182 new Tennessee laws take effect today, July 1, 2014. Here are a few notable updates:
Teachers and students may now wish each other a “Merry Christmas” or “Happy Hanukkah” (Public Chapter 687)
-The cultural history of winter celebrations, including Christmas and Hanukkah, may now be taught by schools in Tennessee. Religious holiday symbols such as Christmas trees, nativity scenes, and menorahs may be displayed in schools as long as the display acknowledges more than one religious holiday and does not promote adherence to any of them.
Officials must have a warrant to search your cell phone (Public Chapter 785)
This bill has been in the works since April, but its passing was probably reinforced by the recent Supreme Court ruling that a warrant must be obtained to search the contents of your cell phone.
Forcible entry may be used to rescue a child from a locked, hot car (Public Chapter 788)
If you spot a child inside a hot car, you may use forcible entry to remove the child from the vehicle – but you must call 911 before doing so, and leave a note on the vehicle for the owner providing your contact information and the reason for entering their vehicle.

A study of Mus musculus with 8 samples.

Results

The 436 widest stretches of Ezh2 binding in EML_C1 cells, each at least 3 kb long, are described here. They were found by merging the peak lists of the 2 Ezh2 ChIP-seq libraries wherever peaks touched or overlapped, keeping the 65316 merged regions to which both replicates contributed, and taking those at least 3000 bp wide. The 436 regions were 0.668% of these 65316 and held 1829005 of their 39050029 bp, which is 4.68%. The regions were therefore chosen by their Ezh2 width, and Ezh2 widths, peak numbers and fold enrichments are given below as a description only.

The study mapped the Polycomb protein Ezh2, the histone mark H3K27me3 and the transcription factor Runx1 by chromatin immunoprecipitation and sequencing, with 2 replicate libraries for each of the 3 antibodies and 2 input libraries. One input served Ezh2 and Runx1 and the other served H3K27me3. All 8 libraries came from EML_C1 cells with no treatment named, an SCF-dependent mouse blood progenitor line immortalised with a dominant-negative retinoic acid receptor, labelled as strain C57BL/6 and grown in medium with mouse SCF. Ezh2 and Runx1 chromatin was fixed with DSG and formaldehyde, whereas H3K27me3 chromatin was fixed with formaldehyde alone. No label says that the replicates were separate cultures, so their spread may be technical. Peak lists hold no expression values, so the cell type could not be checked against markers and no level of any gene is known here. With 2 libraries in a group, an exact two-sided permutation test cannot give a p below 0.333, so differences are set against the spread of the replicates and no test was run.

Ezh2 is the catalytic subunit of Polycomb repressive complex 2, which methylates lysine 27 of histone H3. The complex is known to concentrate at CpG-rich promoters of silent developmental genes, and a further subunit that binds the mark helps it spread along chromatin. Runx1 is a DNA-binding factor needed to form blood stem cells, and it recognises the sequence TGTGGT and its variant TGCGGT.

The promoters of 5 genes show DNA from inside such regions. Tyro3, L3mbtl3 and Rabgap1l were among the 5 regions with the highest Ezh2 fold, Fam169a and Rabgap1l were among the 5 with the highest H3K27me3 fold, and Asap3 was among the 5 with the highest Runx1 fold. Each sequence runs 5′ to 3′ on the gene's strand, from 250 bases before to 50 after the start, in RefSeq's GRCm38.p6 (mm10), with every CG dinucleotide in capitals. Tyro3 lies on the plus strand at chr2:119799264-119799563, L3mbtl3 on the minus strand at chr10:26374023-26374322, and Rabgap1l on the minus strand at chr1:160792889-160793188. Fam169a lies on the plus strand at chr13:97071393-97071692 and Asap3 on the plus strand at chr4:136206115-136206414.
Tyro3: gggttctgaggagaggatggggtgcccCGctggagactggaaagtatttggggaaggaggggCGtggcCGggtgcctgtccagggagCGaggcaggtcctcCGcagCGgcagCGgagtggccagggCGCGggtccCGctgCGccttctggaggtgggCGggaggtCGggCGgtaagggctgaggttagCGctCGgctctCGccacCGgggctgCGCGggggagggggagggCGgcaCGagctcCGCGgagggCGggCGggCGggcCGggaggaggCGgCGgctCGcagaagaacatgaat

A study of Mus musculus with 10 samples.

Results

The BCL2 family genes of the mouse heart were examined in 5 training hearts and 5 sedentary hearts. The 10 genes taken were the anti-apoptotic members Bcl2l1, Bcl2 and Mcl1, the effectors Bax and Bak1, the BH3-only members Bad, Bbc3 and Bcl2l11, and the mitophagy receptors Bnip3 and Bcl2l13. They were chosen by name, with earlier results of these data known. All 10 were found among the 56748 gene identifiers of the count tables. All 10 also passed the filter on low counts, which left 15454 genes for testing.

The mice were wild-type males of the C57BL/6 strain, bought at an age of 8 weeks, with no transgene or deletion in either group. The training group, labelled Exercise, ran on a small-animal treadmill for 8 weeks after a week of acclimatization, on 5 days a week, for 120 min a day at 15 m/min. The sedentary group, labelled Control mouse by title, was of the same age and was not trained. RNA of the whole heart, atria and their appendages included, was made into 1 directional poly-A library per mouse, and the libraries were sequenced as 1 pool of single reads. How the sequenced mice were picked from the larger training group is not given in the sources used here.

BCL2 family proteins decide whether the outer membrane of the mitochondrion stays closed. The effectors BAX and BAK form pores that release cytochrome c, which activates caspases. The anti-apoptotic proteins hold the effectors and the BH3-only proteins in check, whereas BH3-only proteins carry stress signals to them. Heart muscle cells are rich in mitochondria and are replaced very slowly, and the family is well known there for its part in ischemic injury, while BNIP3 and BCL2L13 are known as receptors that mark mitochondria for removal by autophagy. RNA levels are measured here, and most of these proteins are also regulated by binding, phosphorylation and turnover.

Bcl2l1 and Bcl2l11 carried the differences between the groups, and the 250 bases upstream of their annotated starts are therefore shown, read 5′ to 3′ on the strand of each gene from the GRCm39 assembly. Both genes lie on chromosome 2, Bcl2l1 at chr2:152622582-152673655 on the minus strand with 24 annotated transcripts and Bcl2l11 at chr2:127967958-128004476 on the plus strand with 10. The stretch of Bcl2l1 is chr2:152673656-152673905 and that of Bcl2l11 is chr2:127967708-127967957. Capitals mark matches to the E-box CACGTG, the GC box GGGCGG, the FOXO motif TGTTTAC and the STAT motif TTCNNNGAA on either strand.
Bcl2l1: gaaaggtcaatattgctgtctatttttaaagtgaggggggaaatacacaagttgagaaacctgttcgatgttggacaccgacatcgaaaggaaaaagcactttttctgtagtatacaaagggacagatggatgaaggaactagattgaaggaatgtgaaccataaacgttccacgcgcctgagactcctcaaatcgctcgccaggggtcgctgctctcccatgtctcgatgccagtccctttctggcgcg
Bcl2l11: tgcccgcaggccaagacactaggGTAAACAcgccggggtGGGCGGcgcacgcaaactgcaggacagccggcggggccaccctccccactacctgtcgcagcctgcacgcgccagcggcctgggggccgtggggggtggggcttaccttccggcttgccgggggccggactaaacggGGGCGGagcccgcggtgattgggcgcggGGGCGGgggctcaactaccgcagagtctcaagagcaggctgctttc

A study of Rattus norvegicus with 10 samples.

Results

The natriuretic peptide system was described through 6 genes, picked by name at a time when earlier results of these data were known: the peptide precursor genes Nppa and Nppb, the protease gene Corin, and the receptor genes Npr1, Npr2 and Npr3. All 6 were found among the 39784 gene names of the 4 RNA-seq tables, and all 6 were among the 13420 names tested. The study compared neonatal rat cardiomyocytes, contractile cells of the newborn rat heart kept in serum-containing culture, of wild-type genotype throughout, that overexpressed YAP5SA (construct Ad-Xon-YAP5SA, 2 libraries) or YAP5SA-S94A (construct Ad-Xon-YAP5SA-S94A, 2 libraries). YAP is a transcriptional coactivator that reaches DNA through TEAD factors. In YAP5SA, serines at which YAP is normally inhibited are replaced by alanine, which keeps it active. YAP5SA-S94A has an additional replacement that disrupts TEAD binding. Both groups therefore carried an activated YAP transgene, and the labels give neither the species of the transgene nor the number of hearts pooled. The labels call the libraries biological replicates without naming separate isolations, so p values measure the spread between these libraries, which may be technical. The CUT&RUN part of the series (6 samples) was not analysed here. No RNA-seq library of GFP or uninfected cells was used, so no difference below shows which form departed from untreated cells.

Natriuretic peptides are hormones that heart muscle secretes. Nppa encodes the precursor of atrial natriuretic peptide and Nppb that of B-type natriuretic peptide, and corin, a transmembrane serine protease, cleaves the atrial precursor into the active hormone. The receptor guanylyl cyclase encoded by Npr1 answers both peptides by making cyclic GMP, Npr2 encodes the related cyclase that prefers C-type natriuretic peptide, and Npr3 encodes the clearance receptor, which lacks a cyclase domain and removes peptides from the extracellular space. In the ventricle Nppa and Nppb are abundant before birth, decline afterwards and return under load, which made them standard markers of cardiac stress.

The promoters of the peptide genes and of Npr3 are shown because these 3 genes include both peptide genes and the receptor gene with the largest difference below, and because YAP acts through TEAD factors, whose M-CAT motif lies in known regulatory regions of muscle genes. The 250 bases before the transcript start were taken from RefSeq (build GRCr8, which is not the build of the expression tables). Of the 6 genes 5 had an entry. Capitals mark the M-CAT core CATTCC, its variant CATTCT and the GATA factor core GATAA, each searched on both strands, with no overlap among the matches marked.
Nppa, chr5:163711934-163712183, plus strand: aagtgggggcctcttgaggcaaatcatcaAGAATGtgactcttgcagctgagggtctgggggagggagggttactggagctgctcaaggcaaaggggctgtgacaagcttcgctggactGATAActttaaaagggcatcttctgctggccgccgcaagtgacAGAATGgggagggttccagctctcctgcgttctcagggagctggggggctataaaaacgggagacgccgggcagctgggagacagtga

New limit on cold medication (Public Chapter 906)
Championed by Governor Bill Haslam in an attempt to rein in the state’s methamphetamine problem, this bill outlines a new restriction on the sales of pseudoephedrine. Tennesseans may purchase no more than 24 daylong tablets of a month (or 120 daylong tablets a year) of cold medicine containing pseudoephedrine.
Judges can order transdermal monitoring devices for parolees (Public Chapter 567)
This law gives judges the authority to order offenders or parolees to wear monitoring devices, including transdermal monitoring devices, to test the drug or alcohol content of a released offender whose original conviction was related to being under the influence. This is called “Amelia’s Law” in honor of a Maryville teen who was killed in a head-on collision in 2012 by a repeat criminal offender who was out on parole.
Farming hemp is now legal for industrial use (Public Chapter 916)
Farmers in Tennessee may now grow hemp, a cousin to marijuana, and its fibers may be used for industrial use (i.e. to make rope).
How to get through a yellow light without getting a ticket (Public Chapter 989)
Drivers can proceed through an intersection as long as their front tires cross the white stop line before the light turns red.